We all know that tanning beds are dangerous, yet some continue to use them. Did you know that Ultraviolet radiation is a proven human carcinogen? The International Agency for Research on Cancer, an affiliate of the World Health Organization, includes ultraviolet tanning devices in its Group 1, a list of agents that are cancer-causing to humans. Group 1 also includes agents such as plutonium, cigarettes and solar UV radiation. The fact that tanning beds are grouped with such harmful items should be an alarming wake-up call.
Listed are some misconceptions when it comes to Tanning Beds and Tanning:
Myth: Indoor tanning beds are safe because you can control your level of exposure to UV rays.
Truth: Indoor tanning beds expose you to intense UV rays, increasing your risk of melanoma. The average tanning bed produces approximately the same amount of UV light as the sun and upwards of three times the amount of UVA light (source: Harvard Medical School)
Myth: A tan acts as the body’s natural protection against sunburn.
Truth: A tan is an indication that your skin is trying to protect itself when exposed to ultraviolet radiation from the sun or tanning beds. This is what can contribute to premature aging such as wrinkles, cataracts in the eyes and skin cancers.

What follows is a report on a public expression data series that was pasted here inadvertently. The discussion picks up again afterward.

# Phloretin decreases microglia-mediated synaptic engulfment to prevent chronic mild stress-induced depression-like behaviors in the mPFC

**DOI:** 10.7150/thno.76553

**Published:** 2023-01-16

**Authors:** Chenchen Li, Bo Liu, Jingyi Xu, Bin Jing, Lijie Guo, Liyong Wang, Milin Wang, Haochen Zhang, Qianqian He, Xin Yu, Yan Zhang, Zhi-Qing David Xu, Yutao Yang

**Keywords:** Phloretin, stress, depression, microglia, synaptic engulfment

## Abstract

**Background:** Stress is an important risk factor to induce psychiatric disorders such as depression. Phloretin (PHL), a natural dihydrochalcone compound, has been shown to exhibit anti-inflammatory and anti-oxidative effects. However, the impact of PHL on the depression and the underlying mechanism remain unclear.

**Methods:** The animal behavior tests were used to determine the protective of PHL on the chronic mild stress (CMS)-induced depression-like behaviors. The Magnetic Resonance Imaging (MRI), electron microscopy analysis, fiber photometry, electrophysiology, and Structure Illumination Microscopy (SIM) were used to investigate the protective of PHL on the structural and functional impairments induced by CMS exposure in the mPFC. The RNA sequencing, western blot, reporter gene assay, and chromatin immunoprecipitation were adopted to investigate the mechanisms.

Myth: Tanning gives people a “healthy glow.”
Truth: You are exposing yourself to harmful UV rays that damage your skin no matter if you are tanning or burning. Every time you tan whether it is in a tanning bed or the sun, you increase your risk of melanoma. One person dies of melanoma every 54 minutes.
Myth: Tanning is a good source of Vitamin D
Truth: That fact is, all necessary vitamin D can be found in a healthy diet or from a vitamin supplement. If you are concerned about your vitamin D levels, consult your doctor.
Follow these tips to help keep your skin safe and healthy:
- Tanning beds and tanning in the sun should be avoided at all costs.
- UV rays are strongest between 10 a.m. and 4 p.m., so try to spend time in the shade.
- No sunscreen is completely waterproof, sweatproof so it’s important to reapply frequently.
- Use sunglasses. Look for big sunglasses that block out 99 to 100 percent of both UV-A and UV-B radiation as well as protecting the skin around your eyes.
- Wear a hat with a wide brim that goes around your head to protect your face, ears and back of your neck.
- The Skin Cancer Foundation recommends that everyone practice monthly head-to-toe self-examination of their skin, so that they can find any new or changing lesions that might be cancerous or precancerous. If you spot anything suspicious, contact your doctor.